UPPER Lachlan Shire Council is “dead set” against the idea.
Goulburn Mulwaree doesn’t much like the concept either but is preparing for the possibility.
Nearly nine years on from the last local government reforms, council amalgamations are back on the agenda.
Mayor Geoff Kettle has revealed he’s organised meetings with several councils to talk about a possible merger. He won’t say which ones but it’s believed Palerang and Yass Valley are in the mix.
Cr Kettle said he saw more benefit in resource sharing but Goulburn Mulwaree wasn’t sitting back thinking amalgamations wouldn’t happen.
“I fully believe they will,” he told the Post.
“It has to happen because we can’t go on with 152 councils in NSW.”
The Mayor has described the talks as “plan B” if other ideas don’t work.
While the state government has promised no forced amalgamations, Local Government Minister Don Page has said his department would help those who wanted to merge.
Cr Kettle said he was aware councils in this region had talked about mergers among themselves.
But not Upper Lachlan Shire.
“They’re dead set against it,” the Mayor told the Post.
ULSC’s general manager John Bell is on record saying the 2004 amalgamations had not resulted in any savings. In fact it had increased the Council’s area of responsibility, including a vast road network.
Last month Mayor John Shaw said his council was asking the state to leave them alone.
“Let us get on with the job and prove we can be viable as a stand alone entity,” he said. Cr Shaw believed further amalgamation would leave his community feeling more disenfranchised.
Mr Page has charged an independent local government review panel with “improving the strength and effectiveness” of councils. The panel includes chair Professor Graeme Sansom, Jude Munro and local government adviser Glenn Inglis.
The panel’s report released in November put it bluntly.
“Local government in NSW must change. The future is challenging but also full of potential,” it stated.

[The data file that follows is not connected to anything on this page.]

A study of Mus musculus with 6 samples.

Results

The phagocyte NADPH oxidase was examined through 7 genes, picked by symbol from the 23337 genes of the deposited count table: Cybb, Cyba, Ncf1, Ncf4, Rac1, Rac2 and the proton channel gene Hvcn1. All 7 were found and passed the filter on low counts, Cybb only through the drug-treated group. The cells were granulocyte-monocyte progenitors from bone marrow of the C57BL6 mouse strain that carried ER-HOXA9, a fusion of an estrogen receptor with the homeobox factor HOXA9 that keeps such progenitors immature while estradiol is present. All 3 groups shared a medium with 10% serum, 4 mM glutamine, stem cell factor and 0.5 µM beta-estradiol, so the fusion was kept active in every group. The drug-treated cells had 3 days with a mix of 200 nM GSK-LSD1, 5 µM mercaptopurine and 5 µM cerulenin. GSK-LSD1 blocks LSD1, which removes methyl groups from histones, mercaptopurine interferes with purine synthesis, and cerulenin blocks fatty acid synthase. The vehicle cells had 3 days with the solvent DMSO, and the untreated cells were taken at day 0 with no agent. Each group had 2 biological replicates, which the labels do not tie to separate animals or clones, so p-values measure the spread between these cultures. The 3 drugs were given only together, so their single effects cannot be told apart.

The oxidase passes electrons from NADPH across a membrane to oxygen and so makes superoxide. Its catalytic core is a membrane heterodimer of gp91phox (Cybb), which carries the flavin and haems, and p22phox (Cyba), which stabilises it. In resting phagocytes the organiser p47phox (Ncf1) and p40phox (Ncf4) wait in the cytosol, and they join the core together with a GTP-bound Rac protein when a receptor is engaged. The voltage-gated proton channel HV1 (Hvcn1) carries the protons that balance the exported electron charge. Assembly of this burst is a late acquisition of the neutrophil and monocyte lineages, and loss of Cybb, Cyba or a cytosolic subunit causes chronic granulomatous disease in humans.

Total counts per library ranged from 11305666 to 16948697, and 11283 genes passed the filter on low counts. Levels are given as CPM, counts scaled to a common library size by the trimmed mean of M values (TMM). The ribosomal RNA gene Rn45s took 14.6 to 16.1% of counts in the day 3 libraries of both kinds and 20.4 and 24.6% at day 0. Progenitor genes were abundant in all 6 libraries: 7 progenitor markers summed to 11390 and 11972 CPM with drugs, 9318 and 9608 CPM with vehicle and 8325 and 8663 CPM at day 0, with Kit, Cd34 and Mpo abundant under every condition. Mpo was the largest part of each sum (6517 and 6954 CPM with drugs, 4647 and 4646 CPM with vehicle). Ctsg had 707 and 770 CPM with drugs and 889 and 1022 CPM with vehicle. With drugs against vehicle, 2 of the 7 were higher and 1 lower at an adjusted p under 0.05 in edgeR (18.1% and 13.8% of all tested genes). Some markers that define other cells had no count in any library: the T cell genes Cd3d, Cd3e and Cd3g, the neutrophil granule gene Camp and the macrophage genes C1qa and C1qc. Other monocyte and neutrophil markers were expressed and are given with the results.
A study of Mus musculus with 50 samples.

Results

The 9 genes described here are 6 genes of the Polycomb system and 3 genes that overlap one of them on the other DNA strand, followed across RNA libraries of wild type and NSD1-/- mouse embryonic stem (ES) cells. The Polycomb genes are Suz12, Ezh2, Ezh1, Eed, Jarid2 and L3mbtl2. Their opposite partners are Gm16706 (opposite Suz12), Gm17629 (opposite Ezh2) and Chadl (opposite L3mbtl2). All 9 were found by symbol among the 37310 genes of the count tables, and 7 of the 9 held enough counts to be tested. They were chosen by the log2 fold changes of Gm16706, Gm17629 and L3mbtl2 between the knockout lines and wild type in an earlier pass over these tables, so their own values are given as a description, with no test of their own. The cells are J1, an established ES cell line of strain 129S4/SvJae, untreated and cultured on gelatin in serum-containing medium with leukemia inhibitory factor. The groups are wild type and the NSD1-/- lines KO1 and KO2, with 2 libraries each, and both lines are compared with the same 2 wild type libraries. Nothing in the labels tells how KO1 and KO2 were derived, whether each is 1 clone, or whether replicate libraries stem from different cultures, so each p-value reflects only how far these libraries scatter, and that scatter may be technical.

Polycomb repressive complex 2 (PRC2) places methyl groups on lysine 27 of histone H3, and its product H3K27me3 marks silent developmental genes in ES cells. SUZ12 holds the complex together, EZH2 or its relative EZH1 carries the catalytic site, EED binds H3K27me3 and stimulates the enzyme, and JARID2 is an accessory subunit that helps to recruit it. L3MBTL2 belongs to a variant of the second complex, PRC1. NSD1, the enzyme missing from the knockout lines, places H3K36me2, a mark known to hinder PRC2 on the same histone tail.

“…With notable exceptions, local government seems to have been stuck in a rut, waiting for others to take the lead and seeking ‘silver bullet’ solutions to its problems: a share of federal tax, an end to cost-shifting and rate pegging, constitutional recognition.” The report says NSW has too many councils and that various forms of consolidation should be pursued. While the authors acknowledged amalgamation could be disruptive and noted arguments that it didn’t result in cost savings, they said evidence showed there could be significant efficiency gains and savings.
The report stated amalgamation could be an option for councils with populations of less than 20,000 and those experiencing significant economic and population growth.
“The panel will formulate proposals for amalgamations and/or new regional entities and expanded shared services to build local government’s strategic capacity throughout NSW,” the document stated.
The South East Regional Organisation of Councils (SEROC), of which Goulburn Mulwaree, Upper Lachlan, Yass Valley and Palerang are members, has lodged a submission with the review panel.
“Amalgamation, and the loss of local identity and local leadership which often accompanies it, should be seen as a last resort, not a first resort,” it states.
It has proposed a raft of other reforms, including abolition of rate pegging, rating based on improved rather than unimproved capital value, state funding of the pensioner rate rebate, a national financing authority for councils and making available under-utilised state buildings for local government use.
But Cr Kettle said despite the submission, SEROC was openly discussing amalgamations.
The Mayor sits on the SEROC board, as does Upper Lachlan Shire mayor John Shaw.
“The Minister has made it plain that if councils want to discuss amalgamations, he’ll help them do it,” he said.
“But if we sit around with our head in the sand we may well be told how it will be done.”
Cr Kettle said he’d rather negotiate from a position of financial strength.
Whatever the outcome, he said the government should make some “snappy decisions” once the report is finalised.
The panel will release its third discussion paper for public comment in March. A final report is due next July.